Overdrive


#1

i just bought a used toyota matrix. it has overdrive. I have had a car with od before but that was some time ago and i never really understood it completely. So…I went on an internet search to see when I should use it…found lots of information…unfortunatly it was conflicting information. So, because i listen to you so often and you guys sound soooooo smart… I thought I would ask. At what speed should it be turne on/off…when should I and shouldn’t I use it. I do a lot of in town driving and occational interstate driving. I live in West Virginia, which is very hilly especially on the interstate. So…when do I and dont I use this little button on my shifter? I dont want to mess up my nice car. Would like to have it for the 200,000 miles that I hear toyotas live to. Can you help. As a side bar. Tell anyone who asks never to buy a Dodge Intrepid. They are beautiful…and real fancy, but the engines suck!

Shelly


#2

Adding to my above question…is there a min/max speed. For example…when on the interstate going say 75…should od be on? I am asuming it should…but what if the conditions are hilly?


#3

Leave the O/D on almost all the time. Essentially, it provides an efficient gearing for highway cruising, and the transmission will shift into overdrive, in most applications, as soon as it can. About the only time you’d want to turn O/D off is when pulling a trailer or going up (or down) steep mountain roads. So you can safely leave it on pretty much all the time and not worry about it. And if the transmission needs more power, it will shift into 3rd automatically (assuming an auto tranny.) If you have a manual transmission car, a good rule of thumb is to shift down when the engine starts to lug, if not slightly before.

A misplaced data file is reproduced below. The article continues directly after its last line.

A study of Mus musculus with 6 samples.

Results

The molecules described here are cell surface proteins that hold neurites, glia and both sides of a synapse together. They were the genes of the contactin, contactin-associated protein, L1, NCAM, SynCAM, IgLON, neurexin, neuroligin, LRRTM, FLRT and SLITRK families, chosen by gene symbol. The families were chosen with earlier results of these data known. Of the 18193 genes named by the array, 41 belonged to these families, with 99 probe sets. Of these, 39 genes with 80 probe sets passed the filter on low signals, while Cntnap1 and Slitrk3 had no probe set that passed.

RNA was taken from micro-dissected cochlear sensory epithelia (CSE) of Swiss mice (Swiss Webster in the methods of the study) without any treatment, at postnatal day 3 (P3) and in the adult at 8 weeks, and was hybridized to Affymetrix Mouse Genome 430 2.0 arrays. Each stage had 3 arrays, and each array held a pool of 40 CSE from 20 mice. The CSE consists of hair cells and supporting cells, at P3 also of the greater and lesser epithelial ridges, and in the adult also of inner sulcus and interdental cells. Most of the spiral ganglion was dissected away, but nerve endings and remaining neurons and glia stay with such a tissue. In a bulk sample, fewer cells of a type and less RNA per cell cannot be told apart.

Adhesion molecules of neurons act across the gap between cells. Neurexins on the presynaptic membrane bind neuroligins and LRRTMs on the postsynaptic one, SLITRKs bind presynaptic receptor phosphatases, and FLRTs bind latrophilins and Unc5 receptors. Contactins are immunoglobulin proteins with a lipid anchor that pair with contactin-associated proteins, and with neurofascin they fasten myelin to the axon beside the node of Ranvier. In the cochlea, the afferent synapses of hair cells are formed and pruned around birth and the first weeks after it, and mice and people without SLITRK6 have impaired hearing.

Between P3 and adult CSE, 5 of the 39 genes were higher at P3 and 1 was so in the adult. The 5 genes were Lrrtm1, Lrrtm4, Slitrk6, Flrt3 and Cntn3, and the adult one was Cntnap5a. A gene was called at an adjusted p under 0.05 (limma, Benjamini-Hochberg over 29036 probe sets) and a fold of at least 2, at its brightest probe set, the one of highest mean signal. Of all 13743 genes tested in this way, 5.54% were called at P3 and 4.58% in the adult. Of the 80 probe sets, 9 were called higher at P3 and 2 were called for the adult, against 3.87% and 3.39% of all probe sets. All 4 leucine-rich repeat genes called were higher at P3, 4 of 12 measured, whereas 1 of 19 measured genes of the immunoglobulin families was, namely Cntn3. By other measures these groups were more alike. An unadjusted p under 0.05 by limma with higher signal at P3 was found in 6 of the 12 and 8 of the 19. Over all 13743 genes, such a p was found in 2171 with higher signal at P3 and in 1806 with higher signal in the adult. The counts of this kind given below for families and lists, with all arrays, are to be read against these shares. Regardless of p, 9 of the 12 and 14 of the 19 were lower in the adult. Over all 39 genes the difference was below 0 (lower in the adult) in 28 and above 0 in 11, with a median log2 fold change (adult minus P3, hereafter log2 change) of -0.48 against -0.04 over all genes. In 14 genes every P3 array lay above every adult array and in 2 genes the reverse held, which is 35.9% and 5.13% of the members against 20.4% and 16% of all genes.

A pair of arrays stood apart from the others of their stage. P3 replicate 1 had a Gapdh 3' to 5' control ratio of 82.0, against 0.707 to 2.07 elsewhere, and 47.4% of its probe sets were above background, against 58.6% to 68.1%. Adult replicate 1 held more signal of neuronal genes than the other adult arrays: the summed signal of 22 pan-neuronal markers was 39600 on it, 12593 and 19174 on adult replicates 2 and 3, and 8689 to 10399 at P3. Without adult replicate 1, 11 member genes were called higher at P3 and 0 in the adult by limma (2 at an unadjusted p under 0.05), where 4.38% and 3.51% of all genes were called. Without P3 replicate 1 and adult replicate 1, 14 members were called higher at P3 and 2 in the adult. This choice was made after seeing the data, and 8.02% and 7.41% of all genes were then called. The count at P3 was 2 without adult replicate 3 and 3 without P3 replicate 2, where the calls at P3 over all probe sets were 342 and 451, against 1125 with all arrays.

By the way, almost every car readily available today has an overdrive gear.


#4

This information, along with a great deal more information, can be found in the owner’s manual in the glovebox of your Toyota.

Consider reading the manual.


#5

I agree with lprocter. Plus, I cannot think of one car sold today without an overdrive gear. Just put it in D and forget about the button- I will assume that you do not tow with it.

ref


#6

Shelly–The preceding posts have given you excellent advice.

In summary–don’t “overthink” the use of the Overdrive on your car. Leave it activated at all times, unless you are driving in mountainous conditions. For merely hilly terrain, the automatic transmission will sense when it is appropriate to downshift to third gear.

And, perhaps the most important advice is to read that Owner’s Manual. If you really want to be able to keep this car through the 200,000 mile mark, it is necessary to familiarize yourself with the operating advice and the maintenance requirements contained in that manual. However, if you are asking about the operation of Overdrive, it is clear that you have not read the manual.

Those who do not read and heed the information in the Owner’s Manual invariably live to regret that oversight. Read the manual and you will be able to enjoy your car far longer than if you continue to ignore the information in that little book.


#7

About the only car I can think of without O/D over the past 15 years or so was the first generation Dodge Neon (well, Plymouth Neon, whatever) which only had a 3 speed transmission. Thank God there weren’t more.


#8

Even in the mountains or pulling a small trailer, I leave the overdrive on, the transmission knows when to shift out of the highest gear. All the overdrive off button does is locks out the highest gear in the transmission.
The only situation I can think of where locking out high gear is useful is if a certain grade has your transmission constantly going in and out of its highest gear or on long steep downgrades where you may want to use the additional engine braking. The majority of mountain roads were built to follow natural rivers and creeks and as a result, they snake side to side a lot but don’t really go up and down that much.